14 February, 2013

February recipe: Topfenstrudel

Topfenstrudel is an Austrian dessert with a curd cheese filling interleaved with layers of thin strudel pastry.  I don’t think it’s particularly a winter dessert, except that I heard about it from someone who had been ski-ing in Austria, so it’s associated in my mind with snow and mountains.  I’ve adapted the filling to use cream cheese, which is more easily available in the UK than curd cheese.

I rolled the pastry for this recipe out to about 15 inches by 20 inches (about 35 cm by 50 cm), and in theory it should be thinner than that if you can manage it. I stopped at this because the filling is fairly liquid, and I was concerned about it leaking out through breaks in the pastry if the pastry was any thinner.  I gather that strudel pastry is supposed to be rolled out so thin that you can read a newspaper through it.  Not sure I am ever going to manage that, but there’s the standard to aspire to!


Strudel pastry
4 oz (approx 125 g) plain flour
1 Tablespoon (1 x 15 ml spoon) vegetable oil
4 Tablespoons (4 x 15 ml spoons) water
0.5 teaspoon (0.5 x 5 ml spoon) white wine vinegar

1 oz (approx 25 g) butter
1 oz (approx 25 g) light brown soft sugar
4 oz (approx 125 g) cream cheese
1 egg, separated
Rind of 1 lemon
2 fluid ounces (approx 50 ml) single cream

To make the pastry
Mix the flour with the vegetable oil, vinegar and water to make a soft dough.

Wrap in cling film and leave to stand for 30 minutes to 1 hour, while you make the filling.

To make the filling
Cream the butter and sugar until light and fluffy

Beat in the cream cheese, egg yolk and lemon rind.

Stir in the cream.

Beat the egg white until stiff.  Fold into the cream cheese mixture.

To assemble the strudel
Grease a large baking sheet.

Roll out the pastry on a floured work surface as thinly as possible, aiming for an approximately rectangular shape.  I rolled this pastry quantity out to about 15 inches by 20 inches (about 35 cm by 50 cm).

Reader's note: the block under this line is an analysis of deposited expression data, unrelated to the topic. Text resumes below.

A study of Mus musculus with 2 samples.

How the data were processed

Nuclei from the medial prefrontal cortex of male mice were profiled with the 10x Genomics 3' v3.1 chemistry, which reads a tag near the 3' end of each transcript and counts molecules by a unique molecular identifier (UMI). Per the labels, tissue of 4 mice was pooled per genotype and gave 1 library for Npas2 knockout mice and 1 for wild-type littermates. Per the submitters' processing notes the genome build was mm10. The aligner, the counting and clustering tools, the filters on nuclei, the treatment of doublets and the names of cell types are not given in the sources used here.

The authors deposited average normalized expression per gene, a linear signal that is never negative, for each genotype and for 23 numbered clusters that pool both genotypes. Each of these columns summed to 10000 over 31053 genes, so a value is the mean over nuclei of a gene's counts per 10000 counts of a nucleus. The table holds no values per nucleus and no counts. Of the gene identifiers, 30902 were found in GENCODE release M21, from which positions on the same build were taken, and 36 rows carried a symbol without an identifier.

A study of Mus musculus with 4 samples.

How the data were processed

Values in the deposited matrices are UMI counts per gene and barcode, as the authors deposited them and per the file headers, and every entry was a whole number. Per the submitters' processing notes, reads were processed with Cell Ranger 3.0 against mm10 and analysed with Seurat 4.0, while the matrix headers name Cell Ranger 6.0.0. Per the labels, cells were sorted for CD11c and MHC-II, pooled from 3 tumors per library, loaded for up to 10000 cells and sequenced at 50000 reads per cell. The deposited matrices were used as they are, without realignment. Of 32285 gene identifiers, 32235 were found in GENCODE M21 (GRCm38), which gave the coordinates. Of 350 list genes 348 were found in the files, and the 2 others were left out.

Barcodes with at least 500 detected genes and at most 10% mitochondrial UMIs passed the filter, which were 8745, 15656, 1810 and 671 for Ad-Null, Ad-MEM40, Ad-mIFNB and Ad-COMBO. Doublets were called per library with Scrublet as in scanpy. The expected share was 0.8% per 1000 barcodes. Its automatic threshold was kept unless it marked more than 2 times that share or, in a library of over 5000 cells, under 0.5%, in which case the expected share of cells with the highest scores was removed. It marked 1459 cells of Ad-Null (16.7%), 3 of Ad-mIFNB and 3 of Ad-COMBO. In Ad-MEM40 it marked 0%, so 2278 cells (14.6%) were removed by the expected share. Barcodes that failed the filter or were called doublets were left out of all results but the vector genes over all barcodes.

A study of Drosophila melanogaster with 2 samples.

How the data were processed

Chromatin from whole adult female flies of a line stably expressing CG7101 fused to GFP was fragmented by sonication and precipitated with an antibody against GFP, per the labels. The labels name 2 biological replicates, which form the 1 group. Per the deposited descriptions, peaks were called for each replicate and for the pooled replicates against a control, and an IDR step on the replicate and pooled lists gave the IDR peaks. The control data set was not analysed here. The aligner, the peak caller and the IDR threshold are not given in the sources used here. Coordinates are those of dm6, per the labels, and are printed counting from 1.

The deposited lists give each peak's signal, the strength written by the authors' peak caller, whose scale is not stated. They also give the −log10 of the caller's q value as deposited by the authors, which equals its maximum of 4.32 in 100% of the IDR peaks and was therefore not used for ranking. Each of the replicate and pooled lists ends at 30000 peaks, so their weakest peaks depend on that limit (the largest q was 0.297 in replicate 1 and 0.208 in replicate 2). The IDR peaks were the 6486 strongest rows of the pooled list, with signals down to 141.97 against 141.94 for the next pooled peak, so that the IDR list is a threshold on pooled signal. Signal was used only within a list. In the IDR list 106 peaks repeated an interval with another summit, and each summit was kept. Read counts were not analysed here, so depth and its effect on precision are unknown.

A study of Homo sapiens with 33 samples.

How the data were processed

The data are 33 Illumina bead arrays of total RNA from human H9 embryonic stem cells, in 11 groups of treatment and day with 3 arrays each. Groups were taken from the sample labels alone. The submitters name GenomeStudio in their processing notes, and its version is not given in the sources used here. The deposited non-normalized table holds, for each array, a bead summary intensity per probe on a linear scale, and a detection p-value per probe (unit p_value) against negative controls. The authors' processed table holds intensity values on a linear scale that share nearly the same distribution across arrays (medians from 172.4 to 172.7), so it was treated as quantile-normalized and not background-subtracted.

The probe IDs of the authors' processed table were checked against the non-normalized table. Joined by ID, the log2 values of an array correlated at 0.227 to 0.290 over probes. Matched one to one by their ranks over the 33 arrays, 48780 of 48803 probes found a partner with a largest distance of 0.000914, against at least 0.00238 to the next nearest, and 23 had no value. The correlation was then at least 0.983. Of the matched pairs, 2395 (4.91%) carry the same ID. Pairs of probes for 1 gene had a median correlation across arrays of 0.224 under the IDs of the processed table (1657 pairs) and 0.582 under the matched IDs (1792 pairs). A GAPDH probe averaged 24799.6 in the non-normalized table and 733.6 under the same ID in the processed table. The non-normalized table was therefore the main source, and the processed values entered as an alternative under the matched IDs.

Brush the pastry with melted butter.

Spread the filling evenly over the pastry, leaving a margin of about 1 inch (approx 2.5 cm) round all the edges.

Starting from one of the short sides, fold the 1 inch pastry margin over the filling.

Fold the 1 inch pastry margin over the filling along each of the long sides.

Starting from the first short side, roll up the strudel like a Swiss roll.  When you get to the other short side, moisten the last 1 inch pastry margin with water and seal it to the roll so that the filling is fully enclosed.

Very gently lift the strudel roll onto the greased baking tray.

Brush the top of the roll with milk.

Bake in a hot oven at about 180 C for about 30 minutes until golden.  Don’t worry if some of the filling leaks out through one or two breaks in the pastry; it seems to set quite quickly as it cooks and this seals the break, so most of the filling stays in the strudel.

Serve hot, cut into slices, with cream or ice cream.  I cut this into six servings.


Constance Brewer said...

I never saw a recipe with white wine vinegar in the pastry. Learn something new every day. :)
I can never get the pastry to roll out thin enough - fear of it ripping, I think.

Carla said...

Constance - I don't think I have, either. Cider vinegar would be an alternative. Yes, I was worried that the pastry would rip if I rolled it out much thinner. I may try being a bit braver another time.